The Sketch: Class war's back, and so are Ronettes hand-jivers


Cruel, bitter times. Never again, we said, but here they and everyone seems to be enjoying themselves. I say everyone; I mean everyone in Parliament.

Toward the end of PMQs, Ed Miliband was hanging out his comedy teeth like Mister Ed, the talking horse, and making double-handed "Calm down, dear" signs at Cameron. He made Ed Balls join in. You want Clement Attlee, you'd settle for Callaghan and Healey, you get a couple of hand-jivers auditioning for the Ronettes.

When Cameron talked about "getting control of our debts" the Labour leader started yocking, or honking, or whatever the word is for scornful laughter. What must the striking unions have thought, out there in the rain?

Jacob Rees-Mogg got a laugh. He took us even further back in time, his vowels as long and as sinuous as a medium-sized python. He praised "patriotic voluntyahhhhhs" for breaking strikes. As Auberon Waugh said of Derek Jameson: "It's snobbish to comment on the way people speak, but to ignore his accent would be like ignoring a man at a party in a false nose." Jacob recommended giving strikers a damned good thrashing. Or something.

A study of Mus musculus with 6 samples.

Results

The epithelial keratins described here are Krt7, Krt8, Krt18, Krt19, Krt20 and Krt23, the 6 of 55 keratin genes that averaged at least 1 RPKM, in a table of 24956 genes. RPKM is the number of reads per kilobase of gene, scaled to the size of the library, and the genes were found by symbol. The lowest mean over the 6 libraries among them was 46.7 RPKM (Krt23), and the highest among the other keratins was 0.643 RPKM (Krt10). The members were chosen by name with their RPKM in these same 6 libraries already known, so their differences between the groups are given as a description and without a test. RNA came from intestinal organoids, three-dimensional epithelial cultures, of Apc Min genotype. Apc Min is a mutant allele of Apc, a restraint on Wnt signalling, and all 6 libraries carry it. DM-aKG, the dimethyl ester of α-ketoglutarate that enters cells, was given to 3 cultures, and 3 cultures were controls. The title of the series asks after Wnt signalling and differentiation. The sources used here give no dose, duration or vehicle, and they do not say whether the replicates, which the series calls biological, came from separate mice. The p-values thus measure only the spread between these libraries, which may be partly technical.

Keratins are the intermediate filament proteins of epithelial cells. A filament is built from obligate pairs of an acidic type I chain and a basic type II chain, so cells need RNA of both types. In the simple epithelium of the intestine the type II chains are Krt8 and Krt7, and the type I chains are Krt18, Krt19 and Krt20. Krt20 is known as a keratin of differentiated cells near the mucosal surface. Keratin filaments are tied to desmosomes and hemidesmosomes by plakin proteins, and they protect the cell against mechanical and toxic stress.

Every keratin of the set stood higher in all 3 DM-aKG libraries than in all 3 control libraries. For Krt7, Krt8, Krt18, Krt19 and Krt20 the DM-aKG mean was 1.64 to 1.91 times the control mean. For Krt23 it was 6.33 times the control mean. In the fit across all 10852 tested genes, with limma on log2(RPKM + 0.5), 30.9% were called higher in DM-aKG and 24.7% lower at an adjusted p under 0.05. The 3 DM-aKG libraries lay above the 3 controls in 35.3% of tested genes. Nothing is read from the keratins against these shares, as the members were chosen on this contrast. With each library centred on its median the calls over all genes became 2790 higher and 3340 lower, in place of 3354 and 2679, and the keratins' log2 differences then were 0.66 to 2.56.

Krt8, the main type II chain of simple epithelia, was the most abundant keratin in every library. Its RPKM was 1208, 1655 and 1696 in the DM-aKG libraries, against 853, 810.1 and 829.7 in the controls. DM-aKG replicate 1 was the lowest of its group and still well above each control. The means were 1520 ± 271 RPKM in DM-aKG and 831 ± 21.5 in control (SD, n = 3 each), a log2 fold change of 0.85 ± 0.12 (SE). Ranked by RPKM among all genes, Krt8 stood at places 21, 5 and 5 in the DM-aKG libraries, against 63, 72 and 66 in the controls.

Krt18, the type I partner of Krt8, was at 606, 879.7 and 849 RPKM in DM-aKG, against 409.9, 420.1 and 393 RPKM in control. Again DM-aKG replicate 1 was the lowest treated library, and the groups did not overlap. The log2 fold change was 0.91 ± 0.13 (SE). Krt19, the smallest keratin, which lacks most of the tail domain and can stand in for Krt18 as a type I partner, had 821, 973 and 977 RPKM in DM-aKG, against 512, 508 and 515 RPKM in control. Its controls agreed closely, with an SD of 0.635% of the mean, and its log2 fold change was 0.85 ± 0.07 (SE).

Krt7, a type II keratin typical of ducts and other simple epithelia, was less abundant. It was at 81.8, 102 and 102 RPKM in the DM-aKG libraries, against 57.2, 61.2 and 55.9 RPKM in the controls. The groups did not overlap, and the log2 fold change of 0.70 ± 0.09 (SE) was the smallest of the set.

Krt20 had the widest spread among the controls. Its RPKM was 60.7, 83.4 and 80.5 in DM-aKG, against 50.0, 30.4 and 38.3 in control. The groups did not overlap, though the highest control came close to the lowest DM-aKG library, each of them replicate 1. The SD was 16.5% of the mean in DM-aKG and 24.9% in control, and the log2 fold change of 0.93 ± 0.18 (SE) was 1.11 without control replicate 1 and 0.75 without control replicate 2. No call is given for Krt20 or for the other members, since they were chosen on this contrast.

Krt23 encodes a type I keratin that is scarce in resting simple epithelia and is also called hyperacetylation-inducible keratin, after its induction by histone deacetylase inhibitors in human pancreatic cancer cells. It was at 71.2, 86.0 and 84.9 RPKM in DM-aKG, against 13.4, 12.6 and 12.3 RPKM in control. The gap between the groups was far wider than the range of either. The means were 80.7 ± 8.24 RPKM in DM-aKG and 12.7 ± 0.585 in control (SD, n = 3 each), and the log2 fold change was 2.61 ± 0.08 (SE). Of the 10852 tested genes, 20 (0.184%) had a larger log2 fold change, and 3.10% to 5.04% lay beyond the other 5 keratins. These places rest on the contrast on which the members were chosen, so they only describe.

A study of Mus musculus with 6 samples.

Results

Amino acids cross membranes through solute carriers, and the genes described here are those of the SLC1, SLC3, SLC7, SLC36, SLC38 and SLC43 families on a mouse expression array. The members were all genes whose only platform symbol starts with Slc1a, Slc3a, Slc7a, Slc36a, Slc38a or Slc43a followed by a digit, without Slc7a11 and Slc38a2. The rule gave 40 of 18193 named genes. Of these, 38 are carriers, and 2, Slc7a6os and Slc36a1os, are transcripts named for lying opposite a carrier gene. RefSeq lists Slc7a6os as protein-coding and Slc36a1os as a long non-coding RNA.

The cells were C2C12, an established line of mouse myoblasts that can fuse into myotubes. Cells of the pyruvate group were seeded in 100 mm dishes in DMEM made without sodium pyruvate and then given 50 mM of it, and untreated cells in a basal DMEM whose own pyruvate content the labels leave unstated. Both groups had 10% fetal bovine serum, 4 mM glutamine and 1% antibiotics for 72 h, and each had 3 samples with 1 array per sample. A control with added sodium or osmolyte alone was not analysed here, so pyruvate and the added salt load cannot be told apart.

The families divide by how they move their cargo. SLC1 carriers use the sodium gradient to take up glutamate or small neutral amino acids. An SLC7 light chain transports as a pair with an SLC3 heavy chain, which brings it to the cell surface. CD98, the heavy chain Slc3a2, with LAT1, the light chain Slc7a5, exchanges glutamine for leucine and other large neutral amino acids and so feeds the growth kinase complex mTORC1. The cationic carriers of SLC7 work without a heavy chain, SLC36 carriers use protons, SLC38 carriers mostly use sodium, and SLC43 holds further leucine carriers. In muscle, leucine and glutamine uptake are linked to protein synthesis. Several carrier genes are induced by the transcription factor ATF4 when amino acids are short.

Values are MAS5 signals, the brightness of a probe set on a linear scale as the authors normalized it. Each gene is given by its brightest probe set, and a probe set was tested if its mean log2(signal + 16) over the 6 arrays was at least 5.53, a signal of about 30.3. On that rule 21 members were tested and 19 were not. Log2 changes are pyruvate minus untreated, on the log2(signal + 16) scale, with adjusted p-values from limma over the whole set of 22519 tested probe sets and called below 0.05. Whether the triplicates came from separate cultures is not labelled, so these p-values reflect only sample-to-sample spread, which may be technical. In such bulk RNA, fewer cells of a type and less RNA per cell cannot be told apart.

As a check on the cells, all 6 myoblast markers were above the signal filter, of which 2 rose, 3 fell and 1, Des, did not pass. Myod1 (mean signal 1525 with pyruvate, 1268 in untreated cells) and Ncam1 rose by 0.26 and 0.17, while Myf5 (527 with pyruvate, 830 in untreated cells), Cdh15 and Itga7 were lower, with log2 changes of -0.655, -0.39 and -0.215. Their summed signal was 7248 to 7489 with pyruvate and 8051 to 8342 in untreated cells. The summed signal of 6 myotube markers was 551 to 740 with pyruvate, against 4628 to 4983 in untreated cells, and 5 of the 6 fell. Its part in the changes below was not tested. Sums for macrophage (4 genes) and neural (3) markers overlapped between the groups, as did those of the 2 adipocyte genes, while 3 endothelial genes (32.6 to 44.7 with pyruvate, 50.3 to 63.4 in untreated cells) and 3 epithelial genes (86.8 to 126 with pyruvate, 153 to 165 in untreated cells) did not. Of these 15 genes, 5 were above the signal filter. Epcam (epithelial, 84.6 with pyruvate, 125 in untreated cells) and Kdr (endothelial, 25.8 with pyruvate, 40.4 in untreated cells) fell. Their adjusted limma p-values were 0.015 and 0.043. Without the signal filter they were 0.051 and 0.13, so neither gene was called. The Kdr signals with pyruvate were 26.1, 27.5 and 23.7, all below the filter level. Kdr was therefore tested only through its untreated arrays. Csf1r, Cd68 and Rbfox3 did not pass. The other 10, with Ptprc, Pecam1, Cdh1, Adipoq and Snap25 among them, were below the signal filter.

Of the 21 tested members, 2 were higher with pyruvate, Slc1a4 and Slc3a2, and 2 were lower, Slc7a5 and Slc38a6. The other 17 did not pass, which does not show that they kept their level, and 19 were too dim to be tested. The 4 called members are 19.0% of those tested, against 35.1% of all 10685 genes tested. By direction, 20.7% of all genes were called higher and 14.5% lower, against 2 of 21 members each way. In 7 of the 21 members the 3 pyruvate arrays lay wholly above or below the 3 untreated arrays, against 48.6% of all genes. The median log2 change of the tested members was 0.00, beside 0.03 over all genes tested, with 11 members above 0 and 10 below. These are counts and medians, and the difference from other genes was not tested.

Class war's back. The Tories pursue "their appalling record of attacks on the poor" and the Labour leader, combining everything we loved about Michael Foot and Neil Kinnock is "irresponsible, left wing and weak". Every time the Tories hear "left wing" they roar with angry pleasure.

Cameron's fact of the day consisted of the new pensions for public sector workers, well beyond equivalent private sector levels. If true, there's a class war in there. The bourgeoisie are slow to anger but when they (I should say we) do get going it is the very devil. It's not all fun though: remember what happened at the end of the 1970s? Yes, Tony Blair.